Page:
American Heritage® Dictionary of the English Language, Fourth Edition
- adj. Having the nature of or resulting from malice; deliberately harmful; spiteful: malicious gossip.
Century Dictionary and Cyclopedia
- Indulging in or feeling malice; harboring ill-will, enmity, or hostility; actively malevolent; malignant in heart: often used in a lighter sense, implying mischievousness with some ill-will.
- Proceeding from extreme hatred or ill-will; dictated by malice: as, a malicious report.
- The committing of physical injury to personal property of another; injury to property, from wantonness or malice, as distinguished from theft. Any malicious or mischievous physical injury to the rights of another, or of the public in general.
F. A. Wharton.
- An action brought by the sufferer to recover damages from the person who set on foot such a prosecution.
- Synonyms Evil-minded, ill-disposed, spiteful, resentful. See animosity.
GNU Webster's 1913
- adj. Indulging or exercising malice; harboring ill will or enmity.
- adj. Proceeding from hatred or ill will; dictated by malice
- adj. (Law) With wicked or mischievous intentions or motives; wrongful and done intentionally without just cause or excuse.
- adj. having the nature of or resulting from malice
- From Latin malitiosus, from malitia ("malice"), from malus ("bad"). (Wiktionary)
“Note, this message would have to come from someone already in your Skype Contact List, as Skype's default privacy settings will not let you receive messages from people that you have not already authorized, hence the term malicious contact.”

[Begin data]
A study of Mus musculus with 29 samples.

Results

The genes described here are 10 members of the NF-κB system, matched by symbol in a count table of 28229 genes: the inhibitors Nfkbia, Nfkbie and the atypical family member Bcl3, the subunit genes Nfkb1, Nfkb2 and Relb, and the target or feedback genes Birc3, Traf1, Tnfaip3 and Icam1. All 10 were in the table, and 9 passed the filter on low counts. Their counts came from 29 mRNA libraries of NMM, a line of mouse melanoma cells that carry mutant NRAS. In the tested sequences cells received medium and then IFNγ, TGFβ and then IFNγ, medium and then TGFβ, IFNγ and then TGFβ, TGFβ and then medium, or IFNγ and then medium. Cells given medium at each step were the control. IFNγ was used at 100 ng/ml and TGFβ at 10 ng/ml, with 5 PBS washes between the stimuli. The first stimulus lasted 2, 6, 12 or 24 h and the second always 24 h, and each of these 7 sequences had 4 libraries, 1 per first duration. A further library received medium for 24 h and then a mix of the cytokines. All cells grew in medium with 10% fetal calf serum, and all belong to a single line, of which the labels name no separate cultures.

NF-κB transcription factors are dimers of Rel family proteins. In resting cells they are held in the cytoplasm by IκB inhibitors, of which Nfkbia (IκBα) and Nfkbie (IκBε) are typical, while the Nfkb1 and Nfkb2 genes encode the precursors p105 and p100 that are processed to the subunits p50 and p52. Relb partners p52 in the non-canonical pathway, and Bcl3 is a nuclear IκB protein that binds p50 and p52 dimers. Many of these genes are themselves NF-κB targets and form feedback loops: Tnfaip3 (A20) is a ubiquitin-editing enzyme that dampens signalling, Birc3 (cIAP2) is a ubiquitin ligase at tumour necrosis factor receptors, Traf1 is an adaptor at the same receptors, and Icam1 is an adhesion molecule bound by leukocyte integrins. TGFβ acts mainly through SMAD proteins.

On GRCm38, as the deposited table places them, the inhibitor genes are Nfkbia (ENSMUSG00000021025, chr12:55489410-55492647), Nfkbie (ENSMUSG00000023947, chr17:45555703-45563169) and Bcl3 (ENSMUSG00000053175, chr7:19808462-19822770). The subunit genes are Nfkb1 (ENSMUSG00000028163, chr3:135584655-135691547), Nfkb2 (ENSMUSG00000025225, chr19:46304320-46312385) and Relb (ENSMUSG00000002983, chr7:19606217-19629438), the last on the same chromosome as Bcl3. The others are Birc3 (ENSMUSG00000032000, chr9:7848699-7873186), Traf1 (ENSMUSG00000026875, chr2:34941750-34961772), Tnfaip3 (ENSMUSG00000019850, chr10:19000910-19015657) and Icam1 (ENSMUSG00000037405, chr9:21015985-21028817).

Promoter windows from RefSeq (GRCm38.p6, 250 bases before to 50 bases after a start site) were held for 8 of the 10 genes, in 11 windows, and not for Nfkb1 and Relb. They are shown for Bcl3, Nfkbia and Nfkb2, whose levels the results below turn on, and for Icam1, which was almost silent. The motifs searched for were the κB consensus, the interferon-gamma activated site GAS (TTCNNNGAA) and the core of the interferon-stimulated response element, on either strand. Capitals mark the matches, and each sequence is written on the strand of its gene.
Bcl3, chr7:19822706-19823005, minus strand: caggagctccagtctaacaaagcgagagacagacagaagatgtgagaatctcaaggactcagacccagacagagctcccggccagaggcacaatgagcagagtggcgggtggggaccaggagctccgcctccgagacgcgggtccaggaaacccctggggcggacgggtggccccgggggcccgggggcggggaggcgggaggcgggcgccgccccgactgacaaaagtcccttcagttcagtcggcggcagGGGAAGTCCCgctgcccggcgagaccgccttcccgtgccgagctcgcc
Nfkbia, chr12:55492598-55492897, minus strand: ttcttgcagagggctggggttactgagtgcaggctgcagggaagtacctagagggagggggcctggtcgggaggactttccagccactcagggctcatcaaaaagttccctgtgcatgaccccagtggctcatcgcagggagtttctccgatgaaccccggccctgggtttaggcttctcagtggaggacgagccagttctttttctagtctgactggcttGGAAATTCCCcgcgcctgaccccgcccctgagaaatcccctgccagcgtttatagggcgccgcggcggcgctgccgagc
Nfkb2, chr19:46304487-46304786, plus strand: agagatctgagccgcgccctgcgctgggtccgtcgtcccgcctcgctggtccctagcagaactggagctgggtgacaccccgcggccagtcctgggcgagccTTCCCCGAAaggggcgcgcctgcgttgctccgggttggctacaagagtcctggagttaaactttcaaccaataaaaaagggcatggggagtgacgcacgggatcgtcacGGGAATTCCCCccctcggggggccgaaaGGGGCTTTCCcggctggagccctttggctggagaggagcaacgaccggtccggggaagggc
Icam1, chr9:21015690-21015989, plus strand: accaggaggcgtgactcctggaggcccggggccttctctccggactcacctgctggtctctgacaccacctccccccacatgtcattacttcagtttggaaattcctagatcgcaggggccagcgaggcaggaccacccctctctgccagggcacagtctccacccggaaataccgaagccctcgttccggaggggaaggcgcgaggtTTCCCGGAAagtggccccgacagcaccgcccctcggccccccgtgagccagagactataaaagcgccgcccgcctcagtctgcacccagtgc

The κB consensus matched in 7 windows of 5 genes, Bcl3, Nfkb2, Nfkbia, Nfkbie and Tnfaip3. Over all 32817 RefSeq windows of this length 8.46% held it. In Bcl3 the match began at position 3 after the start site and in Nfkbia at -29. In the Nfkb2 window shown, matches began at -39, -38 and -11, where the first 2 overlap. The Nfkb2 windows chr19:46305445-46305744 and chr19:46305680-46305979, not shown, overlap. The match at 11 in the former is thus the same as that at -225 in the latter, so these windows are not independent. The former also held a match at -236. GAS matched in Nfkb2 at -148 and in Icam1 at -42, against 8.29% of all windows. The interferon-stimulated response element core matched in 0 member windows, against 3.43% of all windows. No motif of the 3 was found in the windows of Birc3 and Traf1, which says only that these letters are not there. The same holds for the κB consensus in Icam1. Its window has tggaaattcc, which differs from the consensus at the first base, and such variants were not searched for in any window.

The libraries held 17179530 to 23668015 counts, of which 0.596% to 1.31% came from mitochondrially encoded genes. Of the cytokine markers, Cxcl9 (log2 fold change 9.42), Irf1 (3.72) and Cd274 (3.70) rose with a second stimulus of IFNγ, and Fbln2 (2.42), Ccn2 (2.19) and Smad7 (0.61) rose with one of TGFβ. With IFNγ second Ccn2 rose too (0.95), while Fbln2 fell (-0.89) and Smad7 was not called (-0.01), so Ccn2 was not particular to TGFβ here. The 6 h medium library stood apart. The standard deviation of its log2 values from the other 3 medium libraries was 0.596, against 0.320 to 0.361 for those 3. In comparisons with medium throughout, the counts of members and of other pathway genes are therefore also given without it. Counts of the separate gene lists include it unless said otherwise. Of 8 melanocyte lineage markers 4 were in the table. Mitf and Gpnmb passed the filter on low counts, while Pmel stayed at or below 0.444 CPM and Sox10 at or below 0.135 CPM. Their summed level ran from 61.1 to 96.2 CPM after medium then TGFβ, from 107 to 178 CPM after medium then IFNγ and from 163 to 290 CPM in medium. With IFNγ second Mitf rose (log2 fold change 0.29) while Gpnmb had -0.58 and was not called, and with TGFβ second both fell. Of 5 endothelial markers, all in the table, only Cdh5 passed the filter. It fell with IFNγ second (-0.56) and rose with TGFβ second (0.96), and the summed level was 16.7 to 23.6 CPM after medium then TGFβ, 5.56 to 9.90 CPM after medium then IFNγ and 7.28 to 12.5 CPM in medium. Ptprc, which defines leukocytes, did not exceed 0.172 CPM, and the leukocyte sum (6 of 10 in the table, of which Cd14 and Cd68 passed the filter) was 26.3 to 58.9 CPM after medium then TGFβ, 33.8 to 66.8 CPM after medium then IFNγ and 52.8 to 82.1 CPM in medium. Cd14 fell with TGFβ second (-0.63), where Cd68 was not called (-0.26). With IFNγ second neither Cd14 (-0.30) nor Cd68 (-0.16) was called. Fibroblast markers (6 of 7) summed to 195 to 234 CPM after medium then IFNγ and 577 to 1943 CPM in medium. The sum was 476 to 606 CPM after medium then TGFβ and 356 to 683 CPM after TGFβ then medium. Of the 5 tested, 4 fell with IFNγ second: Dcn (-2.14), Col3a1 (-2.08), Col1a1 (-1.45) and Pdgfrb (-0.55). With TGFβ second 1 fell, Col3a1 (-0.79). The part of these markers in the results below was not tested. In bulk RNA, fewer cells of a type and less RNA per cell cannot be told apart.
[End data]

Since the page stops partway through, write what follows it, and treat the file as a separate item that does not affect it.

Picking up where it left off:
“As questions from investors and analysts about Jefferies's financial strength swirled in November, the firm issued a letter to investors and customers in an attempt to defend the company from what it called "malicious lies.”
“CHETRY: Yes, but according to this report, and I mean, they say there were more than 54,000, what they call malicious acts against the Defense Department alone.”
“National police spokeswoman Director Sally de Beer said the rumours related to what she labelled malicious allegations of corruption against board members.”
“Ulysses knew, that a heavenly guide was with him in his wanderings; still less that what he called the malicious sport of fortune was, in truth, the earnest education of a Father ....”
“But he said Google was aware of the issue and was already working on changes, which will be adopted in coming days, to prevent what he called "malicious or incorrect labeling.”
“Black then filed a $5-million lawsuit for what he called "malicious, reckless and abusive efforts" to stop the project.”
“Peter Hughes, and Social Development Minister Paula Bennett - over what he calls a malicious prosecution.”
“Cristo Rey: Keeping Urban Catholic Education Vibrant - Little Village in Chicago The former head of Latino Affairs for Catholic Charities in Chicago is suing two high-ranking priests for what he describes as a malicious campaign to ruin his name and push him out of a new job at the archdiocese.”
“About 20 Sestak supporters, most of them veterans, showed up outside the rally to denounce what they called a malicious attack ad by Specter.”
These user-created lists contain the word ‘malicious’.